The Joy of Comfort Zones
“I don’t like mushrooms. Please keep them away from me. I’m fine with other veggie assortments.”
“I like cities but I do not want to drive in them. They are too intimidating and I’d rather stay on back roads.”
“I don’t want strange people in my car. It’s my place.”
“I say, I say, I don’t need your high-fallootin’ pale ales! I’ll stick to my LaBatt Blue. And there’s no way you’ll ever catch me sippin’ whiskey! That stuff is gross!”
These are all things I used to say (or, at the very least, feel) about myself back in the day.
Like you, I used to have some very specific likes and dislikes.
And, like you, these likes and dislikes evolved to the point that I found I had created my own little comfort zones.
I like comfort zones. They make me feel… well… comfortable. I like to snuggle right up into them like I’m wrapped up in a fresh, straight-out-of-the-dryer blanket on a cold winter morning.
I like a clean house with no dog hair on the couch. I lose my mind when I find dog hair on the couch. Like my world is being invaded by another dog. Don’t even get me started about what happens when I unsuspectedly sit in it, and find it all over my clothes.
I like spending time with friends I know and trust.
I like tacos, but only from specific places. Like my plate, for instance.
I don’t much care for horror movies. I’d rather watch comedy, scifi, or adventure.
These are the things that I find in my comfort zones. It goes without saying that I prefer my comfort zones over anything else.
As anyone would.
But there’s something that happens when you stay locked up in your comfort zone. You tend to become complacent or immobilized. You start to get depressed and bored (I mean… if you’re constantly telling yourself that your life is pretty mundane, there’s a good reason).
In general, you tend to lose your adventurousness. You stop learning and growing.
You stop living.
And not living kind of sucks.
Get Out of Your Comfort Zone
So what do you do about that? How do you bring a little adventure into your life?
By pushing yourself to get out of your comfort zone!
And how do you do that?
By saying “Why not?”
Saying “why not?” may sound like a lazy way of saying “yes”, but it’s not. If you say “yes”, you’re definitely making a point of moving forward into this unknown, sure… but if you say “why not?” you’re actually acknowledging there’s no reason not to. You’re rhetorically suggesting to yourself that there’s no upside in staying right where you are.
“Why not?” is not just a shrug. It’s a deliberate act of recognizing the consequences of not taking up the challenge and stepping out of your comfort zone.
For instance, because I said “why not?” when my wife insisted I try sautéed mushrooms, I not only found I like mushrooms, but I’ve discovered the Joy of cooking various dishes with them, from stir fry to pot roasts. “Why not?” told me I had nothing to gain by not trying the mushrooms, and plenty to potentially gain by trying them.
I said “why not?” when Uber presented me with an opportunity to make some much-needed extra money, and found that not only am I capable of driving in cities, but I practically prefer doing so over driving down dark country roads at night. By saying “why not?” I acknowledged that I didn’t have any other opportunities to make this extra money, and I chased away any anxiety or fears about driving people around in the city.
And an added bonus – I’m completely okay with strange people being in my car. I’ve met so many interesting people that way!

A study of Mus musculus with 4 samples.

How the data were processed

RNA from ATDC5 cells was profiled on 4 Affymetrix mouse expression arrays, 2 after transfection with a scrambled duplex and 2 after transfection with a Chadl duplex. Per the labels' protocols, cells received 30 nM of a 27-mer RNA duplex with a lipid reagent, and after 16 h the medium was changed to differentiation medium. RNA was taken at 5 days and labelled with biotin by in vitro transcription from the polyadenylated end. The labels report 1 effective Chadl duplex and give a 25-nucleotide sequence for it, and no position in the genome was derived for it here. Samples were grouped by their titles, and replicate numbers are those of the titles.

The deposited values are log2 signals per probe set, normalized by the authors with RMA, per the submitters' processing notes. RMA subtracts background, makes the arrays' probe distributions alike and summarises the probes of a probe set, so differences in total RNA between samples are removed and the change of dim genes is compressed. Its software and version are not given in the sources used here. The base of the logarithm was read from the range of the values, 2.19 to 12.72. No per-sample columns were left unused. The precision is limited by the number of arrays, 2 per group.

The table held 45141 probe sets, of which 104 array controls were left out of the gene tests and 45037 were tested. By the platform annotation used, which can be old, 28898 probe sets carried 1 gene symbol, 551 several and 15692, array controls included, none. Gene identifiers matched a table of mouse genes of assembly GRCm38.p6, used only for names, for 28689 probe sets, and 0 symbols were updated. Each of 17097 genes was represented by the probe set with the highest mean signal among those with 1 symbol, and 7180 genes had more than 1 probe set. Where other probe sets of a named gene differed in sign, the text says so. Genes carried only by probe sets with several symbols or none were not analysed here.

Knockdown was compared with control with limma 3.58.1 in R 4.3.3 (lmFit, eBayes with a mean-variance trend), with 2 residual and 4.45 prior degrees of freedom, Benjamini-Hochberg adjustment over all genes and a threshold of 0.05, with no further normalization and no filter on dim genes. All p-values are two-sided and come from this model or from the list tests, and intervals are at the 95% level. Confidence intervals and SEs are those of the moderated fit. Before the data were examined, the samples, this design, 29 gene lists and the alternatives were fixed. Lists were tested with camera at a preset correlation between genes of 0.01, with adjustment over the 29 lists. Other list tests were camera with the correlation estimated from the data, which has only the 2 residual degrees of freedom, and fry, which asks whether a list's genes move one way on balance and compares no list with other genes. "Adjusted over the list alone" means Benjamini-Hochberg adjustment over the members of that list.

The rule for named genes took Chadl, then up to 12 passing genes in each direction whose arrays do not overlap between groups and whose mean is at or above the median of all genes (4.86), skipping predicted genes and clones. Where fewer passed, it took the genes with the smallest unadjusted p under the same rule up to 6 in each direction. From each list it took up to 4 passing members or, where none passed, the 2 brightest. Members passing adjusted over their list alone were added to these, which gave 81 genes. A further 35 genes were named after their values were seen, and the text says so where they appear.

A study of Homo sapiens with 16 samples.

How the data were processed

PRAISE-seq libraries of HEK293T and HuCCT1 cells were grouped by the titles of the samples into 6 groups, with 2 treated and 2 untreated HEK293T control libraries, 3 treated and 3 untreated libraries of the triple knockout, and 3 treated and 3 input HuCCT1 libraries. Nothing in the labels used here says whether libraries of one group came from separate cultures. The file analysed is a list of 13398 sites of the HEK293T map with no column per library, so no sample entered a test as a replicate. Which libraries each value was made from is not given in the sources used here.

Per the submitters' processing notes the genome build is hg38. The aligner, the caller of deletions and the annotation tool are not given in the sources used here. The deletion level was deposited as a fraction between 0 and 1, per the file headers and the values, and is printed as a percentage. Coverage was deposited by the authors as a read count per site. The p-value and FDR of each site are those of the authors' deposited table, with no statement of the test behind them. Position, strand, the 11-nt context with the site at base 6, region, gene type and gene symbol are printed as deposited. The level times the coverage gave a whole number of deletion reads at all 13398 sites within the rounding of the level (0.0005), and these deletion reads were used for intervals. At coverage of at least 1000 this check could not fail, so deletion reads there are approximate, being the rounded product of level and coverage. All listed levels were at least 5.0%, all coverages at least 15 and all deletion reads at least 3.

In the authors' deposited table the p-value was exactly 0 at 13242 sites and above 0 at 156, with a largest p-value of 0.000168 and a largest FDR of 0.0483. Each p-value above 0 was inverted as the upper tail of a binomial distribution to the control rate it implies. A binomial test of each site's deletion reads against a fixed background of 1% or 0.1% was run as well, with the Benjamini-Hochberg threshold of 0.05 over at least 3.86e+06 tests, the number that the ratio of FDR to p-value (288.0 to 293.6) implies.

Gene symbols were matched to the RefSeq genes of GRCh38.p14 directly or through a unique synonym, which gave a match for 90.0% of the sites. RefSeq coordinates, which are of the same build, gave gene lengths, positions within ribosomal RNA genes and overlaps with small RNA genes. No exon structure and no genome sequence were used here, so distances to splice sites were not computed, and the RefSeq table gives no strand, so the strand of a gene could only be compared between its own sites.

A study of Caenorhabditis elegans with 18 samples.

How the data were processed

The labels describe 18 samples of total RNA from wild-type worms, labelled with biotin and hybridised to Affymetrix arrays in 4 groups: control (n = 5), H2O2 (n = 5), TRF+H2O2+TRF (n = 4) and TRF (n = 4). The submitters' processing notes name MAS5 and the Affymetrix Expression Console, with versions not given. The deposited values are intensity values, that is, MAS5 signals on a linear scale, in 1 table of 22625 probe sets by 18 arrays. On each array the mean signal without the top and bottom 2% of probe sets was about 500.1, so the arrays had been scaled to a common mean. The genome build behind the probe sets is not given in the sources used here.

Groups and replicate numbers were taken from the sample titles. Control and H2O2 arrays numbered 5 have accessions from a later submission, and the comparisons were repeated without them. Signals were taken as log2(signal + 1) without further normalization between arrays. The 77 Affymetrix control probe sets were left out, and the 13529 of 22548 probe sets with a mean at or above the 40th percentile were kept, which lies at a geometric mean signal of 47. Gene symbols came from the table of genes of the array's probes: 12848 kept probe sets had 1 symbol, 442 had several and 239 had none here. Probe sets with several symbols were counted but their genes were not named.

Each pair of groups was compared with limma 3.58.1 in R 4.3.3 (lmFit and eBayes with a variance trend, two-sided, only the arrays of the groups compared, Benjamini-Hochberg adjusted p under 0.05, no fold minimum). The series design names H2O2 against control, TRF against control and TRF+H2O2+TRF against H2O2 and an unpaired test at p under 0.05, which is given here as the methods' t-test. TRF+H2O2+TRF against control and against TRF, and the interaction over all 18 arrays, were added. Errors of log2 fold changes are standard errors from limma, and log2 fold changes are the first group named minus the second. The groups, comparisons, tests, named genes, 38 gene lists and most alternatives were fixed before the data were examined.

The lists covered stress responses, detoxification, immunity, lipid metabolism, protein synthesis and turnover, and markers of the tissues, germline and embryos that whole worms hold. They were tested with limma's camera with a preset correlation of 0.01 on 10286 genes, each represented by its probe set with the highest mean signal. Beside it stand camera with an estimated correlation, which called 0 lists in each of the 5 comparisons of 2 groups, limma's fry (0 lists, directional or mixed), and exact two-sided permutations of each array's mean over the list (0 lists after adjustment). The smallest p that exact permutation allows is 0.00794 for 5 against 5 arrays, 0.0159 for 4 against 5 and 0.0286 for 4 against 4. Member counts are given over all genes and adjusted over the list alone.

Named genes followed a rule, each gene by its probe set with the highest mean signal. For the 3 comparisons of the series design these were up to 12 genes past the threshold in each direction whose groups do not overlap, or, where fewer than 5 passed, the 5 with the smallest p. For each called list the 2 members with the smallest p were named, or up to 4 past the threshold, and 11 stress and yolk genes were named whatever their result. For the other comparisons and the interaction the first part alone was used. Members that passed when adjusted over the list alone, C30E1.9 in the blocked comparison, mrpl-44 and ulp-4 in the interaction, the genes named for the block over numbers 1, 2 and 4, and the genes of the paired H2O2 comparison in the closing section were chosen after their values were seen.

What about pale ales? Well… I said “why not?” to a friend, and let’s just say that over the past decade I’ve become a bit of a craft beer snob. There are very few beer types I don’t like (mainly porters, since they give me migraines). And I’m often out trying new drinks with my daughter’s godfather (someone I know and trust), either at various taprooms around the city, or in his garage when we’re done brewing them ourselves!
Oh… and I’ve become particularly fond of whiskey. Bourbons, especially.
By saying “why not?” to these things, I told myself that I didn’t have anything to lose by trying an IPA or a whiskey. Were they going to kill me? What was I afraid of by trying something other than a Bud Light? It’s a bit silly if you think about it.
What You Gain By Leaving Your Comfort Zones
Don’t get me wrong – being nudged, or even shoved, out of my comfort zones can really stress me out sometimes. It’s the opposite of a comfort zone for a reason. No one wants to be in an “uncomfortable zone!”
At the same time, however, I like being pushed to get to know more about me.
After all, the more I get to know about me, the more comfortable I am in my own skin, and the more easily I can befriend, and be compassionate toward, other people.
Not only that but there’s a side bonus that comes from this. Surely you’ve felt that you haven’t been getting as far ahead as you’d like, or that opportunities haven’t been coming to you as often as you would have expected.
Have you ever considered that perhaps this is because you’ve simply been languishing in your comfort zones?
Here’s the thing – life isn’t going to come to you. It isn’t going to land in your lap. And those opportunities you are longing for aren’t just going to come knocking at your door.
You have to go out and meet them.
Life doesn’t happen in your lap.
You have to take the challenges that your goals and your dreams present and meet them head on.
And you do that by leaving your comfort zones.
So the next time you’re challenged with the possibility of leaving your comfort zone, just say “why not?”
You’ll have already convinced yourself you can’t lose.
When have you deliberately left your comfort zones? What happened when you did? What did you learn? What do you think would have happened had you not left your comfort zones?